BEIJING – The summit this week between President Vladimir Putin of Russia and Xi Jinping of China is a show of force by two autocratic leaders united against what they consider American hegemony. It is also a moment of mutual weakness as Russia suffers losses in Ukraine and China endures an economic slowdown.
They come to the meeting, expected to take place this week in Uzbekistan, with their own agendas and their own challenges that will test an important relationship both have described as a friendship with “no limits”.
Moscow needs Beijing. Russia’s recent routs on the battlefields of Ukraine, coupled with the broad damage inflicted by Western sanctions, have made Chinese support all the more important. China has emerged as a major buyer of Russian commodities, purchases that have helped replenish Moscow’s coffers.
Beijing, though, remains cautious. It wants to project strength in the increasingly acrimonious competition with the United States and can’t afford for its main partner in an authoritarian alliance to face a humiliating defeat. But providing substantial, additional help to Russia, either economically or militarily, risks running afoul of Western sanctions and imperiling China’s economy.
“Xi’s China has been carrying out an exquisite tightrope walk with regard to Russia,” said Rana Mitter, a professor of history and politics at Oxford University. “It is keen to show support for Russia in general, but finds active support for an invasion too politically embarrassing to contemplate and wants Moscow to resolve matters one way or another.”
Image matters for Mr Xi as he prepares to secure a third term at a pivotal Communist Party congress in Beijing next month. His trip this week, during which he will attend a regional summit in Uzbekistan and visit Kazakhstan, marks the first time Mr Xi has travelled abroad since the start of the pandemic and signals just how much he values the relationship. The meeting with Mr Putin will give the Chinese leader a chance to look like a global statesman, playing well to a home audience.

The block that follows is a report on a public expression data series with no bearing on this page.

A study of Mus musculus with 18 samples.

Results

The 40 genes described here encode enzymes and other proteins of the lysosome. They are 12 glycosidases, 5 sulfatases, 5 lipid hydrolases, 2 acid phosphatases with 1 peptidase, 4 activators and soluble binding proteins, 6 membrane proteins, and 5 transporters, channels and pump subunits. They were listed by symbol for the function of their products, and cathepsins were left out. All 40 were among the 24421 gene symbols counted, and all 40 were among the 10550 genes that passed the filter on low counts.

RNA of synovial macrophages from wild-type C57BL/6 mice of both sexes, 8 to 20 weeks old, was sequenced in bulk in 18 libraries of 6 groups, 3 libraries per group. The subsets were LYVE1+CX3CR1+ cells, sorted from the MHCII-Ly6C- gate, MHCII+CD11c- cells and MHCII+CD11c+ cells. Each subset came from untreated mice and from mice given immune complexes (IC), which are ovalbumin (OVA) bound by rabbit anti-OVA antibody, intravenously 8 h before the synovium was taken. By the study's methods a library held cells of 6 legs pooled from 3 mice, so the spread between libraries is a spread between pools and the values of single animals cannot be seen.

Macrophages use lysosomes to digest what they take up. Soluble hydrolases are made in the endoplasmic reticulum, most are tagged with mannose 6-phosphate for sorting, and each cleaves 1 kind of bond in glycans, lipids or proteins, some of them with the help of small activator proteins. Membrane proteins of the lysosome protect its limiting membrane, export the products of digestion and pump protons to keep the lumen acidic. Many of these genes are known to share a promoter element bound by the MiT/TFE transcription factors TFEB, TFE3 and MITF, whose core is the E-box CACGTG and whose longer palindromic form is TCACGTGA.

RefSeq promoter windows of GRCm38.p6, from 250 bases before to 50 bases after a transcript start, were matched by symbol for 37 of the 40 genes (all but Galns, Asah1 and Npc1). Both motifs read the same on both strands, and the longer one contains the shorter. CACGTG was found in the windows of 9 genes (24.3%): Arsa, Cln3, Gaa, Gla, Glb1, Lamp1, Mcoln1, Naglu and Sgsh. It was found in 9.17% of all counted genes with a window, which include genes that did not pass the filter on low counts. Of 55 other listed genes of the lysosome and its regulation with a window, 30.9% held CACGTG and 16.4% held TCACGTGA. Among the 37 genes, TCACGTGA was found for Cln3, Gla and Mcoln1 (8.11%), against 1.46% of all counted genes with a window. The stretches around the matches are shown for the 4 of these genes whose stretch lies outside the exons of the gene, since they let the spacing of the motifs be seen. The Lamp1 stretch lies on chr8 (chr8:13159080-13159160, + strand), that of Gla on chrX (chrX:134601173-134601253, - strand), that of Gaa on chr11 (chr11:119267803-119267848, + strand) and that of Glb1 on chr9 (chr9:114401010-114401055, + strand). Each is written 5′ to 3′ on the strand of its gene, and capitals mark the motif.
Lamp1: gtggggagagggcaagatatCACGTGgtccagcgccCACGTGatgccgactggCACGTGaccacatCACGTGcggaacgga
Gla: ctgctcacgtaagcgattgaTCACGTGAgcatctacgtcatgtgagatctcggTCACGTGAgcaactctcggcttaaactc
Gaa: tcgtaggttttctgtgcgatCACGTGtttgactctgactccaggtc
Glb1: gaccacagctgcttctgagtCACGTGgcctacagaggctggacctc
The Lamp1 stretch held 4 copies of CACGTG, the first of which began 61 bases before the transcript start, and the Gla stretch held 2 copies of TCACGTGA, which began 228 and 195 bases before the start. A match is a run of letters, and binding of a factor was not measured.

Russia also provides much-needed backing for China’s agenda. When House Speaker Nancy Pelosi visited Taiwan last month in defiance of China’s claims to the self-ruled democracy, the Kremlin was quick to support Beijing’s stance, describing the trip as “provocative” and pledging “absolute solidarity with China”.
But China has tied itself to a war that has so far backfired for Russia. Any serious weakening of Mr Putin’s dominance in Russia could hurt Beijing’s position at a time when the leadership is dealing with the political and economic fallout from its strict Covid-19 policies.
The question confronting China is whether to double down or let Russia navigate the setbacks on its own. Both strategies carry risks, and most experts expect China to choose a middle path of continued economic support without openly circumventing sanctions or providing outright military assistance.
China, which has avoided describing Russia’s invasion of Ukraine as a war, appears to be tempering its bets. When Mr Xi’s second-highest-ranking deputy, Li Zhanshu, met with Mr Putin in Russia last week, Chinese state media emphasised the two countries’ shared admiration but steered clear of overt advocacy for Russia’s actions in Ukraine.
China’s official Xinhua News Agency said Mr Li has told Mr Putin that, “political mutual trust, strategic coordination and pragmatic cooperation between the two countries have reached an unprecedented level”.
Xinhua made no mention of Ukraine, even as Russian state media claimed Beijing backed the invasion, portraying Mr Li as having said that China “understands and supports Russia” particularly “on the situation in Ukraine”.
“China keeps avoiding military involvement in any degree in Russia’s war and will continue to do so, especially when the Russians have been in a drastic failure situation in the field,” said Shi Yinhong, a professor of international relations at Renmin University in Beijing. “China’s diplomatic and political support or sympathy will not really help them, though dramatic purchases of their energy since April help a little non-militarily.”